I don’t know about you, but I hated the subject “history” in school. School history courses were almost uniformly boring, and this is a source of wonder to me because history itself is almost unfailingly fascinating and even gripping. To make history dull, one has to work at it.
But work at it they did. They purposely left out (and continue to leave out—although what is deleted now is different than it used to be) the good stuff.
In my day, what was left out was anything that was too complex, and also anything that conflicted with the perception of America as a righteous and near-perfect place—which included any personal foibles and imperfections of the Founding Fathers (and of course, anything remotely related to sex). What’s left out today is anything that isn’t politically correct on either side (which of course is virtually everything of truth) and anything that might make the US look good (I’m engaging in only a slight bit of hyperbole there, I’m afraid).
In short, anything of interest is left out, as well as anything that would meaningfully connect the teaching of history with the problems we are facing today—which would be what would make it most interesting and most helpful.
The consequences of putting history into a blender and turning it into bland, featureless, and easily digestible pap is not just having students who are bored to tears, although that would be bad enough. Nor is it just that history textbooks now have a strong bias on the Left, although that isn’t a good thing either. The worst effect is that such an approach to the teaching of history creates an ignorant and naive populace that is even more condemned than would otherwise be the case to repeat history’s errors.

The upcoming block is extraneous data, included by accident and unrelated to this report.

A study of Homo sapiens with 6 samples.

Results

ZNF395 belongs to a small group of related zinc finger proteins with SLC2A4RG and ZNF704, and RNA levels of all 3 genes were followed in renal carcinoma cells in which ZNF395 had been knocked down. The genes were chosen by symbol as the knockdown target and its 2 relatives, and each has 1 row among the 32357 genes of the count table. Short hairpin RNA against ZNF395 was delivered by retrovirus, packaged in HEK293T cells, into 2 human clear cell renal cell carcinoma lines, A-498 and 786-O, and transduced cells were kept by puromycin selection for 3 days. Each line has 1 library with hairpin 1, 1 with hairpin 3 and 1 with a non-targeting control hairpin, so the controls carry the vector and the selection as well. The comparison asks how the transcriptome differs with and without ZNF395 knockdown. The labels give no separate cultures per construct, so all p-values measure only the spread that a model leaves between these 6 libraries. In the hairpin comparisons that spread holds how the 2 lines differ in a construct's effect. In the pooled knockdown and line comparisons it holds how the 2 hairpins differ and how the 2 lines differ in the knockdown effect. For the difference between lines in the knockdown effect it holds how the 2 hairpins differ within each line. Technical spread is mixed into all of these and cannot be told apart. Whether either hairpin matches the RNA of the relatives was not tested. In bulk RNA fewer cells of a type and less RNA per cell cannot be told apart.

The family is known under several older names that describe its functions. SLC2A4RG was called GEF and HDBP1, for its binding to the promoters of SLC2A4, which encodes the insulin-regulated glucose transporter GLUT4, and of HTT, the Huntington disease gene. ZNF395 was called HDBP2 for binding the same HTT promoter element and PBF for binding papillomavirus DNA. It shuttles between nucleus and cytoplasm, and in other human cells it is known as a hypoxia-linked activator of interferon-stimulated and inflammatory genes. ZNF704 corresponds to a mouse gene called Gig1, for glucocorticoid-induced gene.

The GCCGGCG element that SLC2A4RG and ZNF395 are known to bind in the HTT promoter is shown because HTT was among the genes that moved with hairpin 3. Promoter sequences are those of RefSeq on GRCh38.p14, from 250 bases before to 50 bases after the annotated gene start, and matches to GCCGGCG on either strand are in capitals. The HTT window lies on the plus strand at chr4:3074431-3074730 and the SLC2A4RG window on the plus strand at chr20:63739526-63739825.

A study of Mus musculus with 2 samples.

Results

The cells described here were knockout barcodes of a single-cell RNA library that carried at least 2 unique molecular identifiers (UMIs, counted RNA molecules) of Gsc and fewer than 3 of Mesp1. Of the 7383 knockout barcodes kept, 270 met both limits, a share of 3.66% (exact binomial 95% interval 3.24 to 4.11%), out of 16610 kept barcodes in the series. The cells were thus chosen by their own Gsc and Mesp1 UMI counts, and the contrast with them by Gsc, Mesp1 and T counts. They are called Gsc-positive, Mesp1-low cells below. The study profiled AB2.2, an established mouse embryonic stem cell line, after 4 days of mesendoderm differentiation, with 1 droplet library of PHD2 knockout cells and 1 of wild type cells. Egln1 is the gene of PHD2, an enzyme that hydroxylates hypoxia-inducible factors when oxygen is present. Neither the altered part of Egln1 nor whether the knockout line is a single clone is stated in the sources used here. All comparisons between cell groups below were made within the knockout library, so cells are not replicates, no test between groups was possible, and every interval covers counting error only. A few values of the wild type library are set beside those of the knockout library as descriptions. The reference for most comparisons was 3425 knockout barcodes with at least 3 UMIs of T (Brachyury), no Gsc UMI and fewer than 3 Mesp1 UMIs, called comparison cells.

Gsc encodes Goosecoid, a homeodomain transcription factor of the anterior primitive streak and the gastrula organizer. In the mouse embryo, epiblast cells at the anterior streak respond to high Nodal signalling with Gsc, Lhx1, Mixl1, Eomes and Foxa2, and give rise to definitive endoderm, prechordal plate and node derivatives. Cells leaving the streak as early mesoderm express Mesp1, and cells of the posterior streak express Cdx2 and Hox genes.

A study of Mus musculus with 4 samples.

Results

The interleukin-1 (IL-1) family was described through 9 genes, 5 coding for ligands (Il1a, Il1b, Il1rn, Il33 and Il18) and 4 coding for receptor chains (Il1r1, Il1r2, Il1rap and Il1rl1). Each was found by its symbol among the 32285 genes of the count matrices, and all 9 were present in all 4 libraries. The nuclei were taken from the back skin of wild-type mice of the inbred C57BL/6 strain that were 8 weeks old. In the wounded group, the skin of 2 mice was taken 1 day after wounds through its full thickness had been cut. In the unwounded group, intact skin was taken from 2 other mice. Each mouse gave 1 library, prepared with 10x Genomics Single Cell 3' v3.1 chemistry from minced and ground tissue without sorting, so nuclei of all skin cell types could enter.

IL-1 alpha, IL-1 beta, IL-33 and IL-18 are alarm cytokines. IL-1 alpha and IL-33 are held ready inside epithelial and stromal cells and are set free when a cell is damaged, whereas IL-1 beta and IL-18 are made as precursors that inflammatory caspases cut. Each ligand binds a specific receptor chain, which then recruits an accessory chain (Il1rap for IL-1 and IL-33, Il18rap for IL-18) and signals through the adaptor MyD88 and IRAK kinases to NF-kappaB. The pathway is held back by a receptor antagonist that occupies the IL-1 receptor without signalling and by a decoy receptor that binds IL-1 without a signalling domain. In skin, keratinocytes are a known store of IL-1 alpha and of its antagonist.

I’m convinced, for example, that failure to properly teach the history of the wars that we have fought in the past—their complications, controversies, and errors, as well as what led to them and what was accomplished by them—has led to unrealistic and simplistic expectations of warfare itself.
And, come to think of it, perhaps this is not an unintended consequence; it’s possible that the current overarching Leftist bias of the writers of today’s textbooks include a pacifist agenda, of which this is part.
Or perhaps not. I’m not sure it matters all that much, because the effects are the same: a populace that cannot understand what is happening now because it cannot intelligently analyze its own past and apply it to the present. Of course, how to apply that past to the present is a subject on which reasonable—and even well-informed—people can and will differ.
But even though we can never know the truth of what happened in the past with absolute certainly, we can most definitely approximate that truth far better than we’ve been doing so far in our classrooms. Our future may depend on it.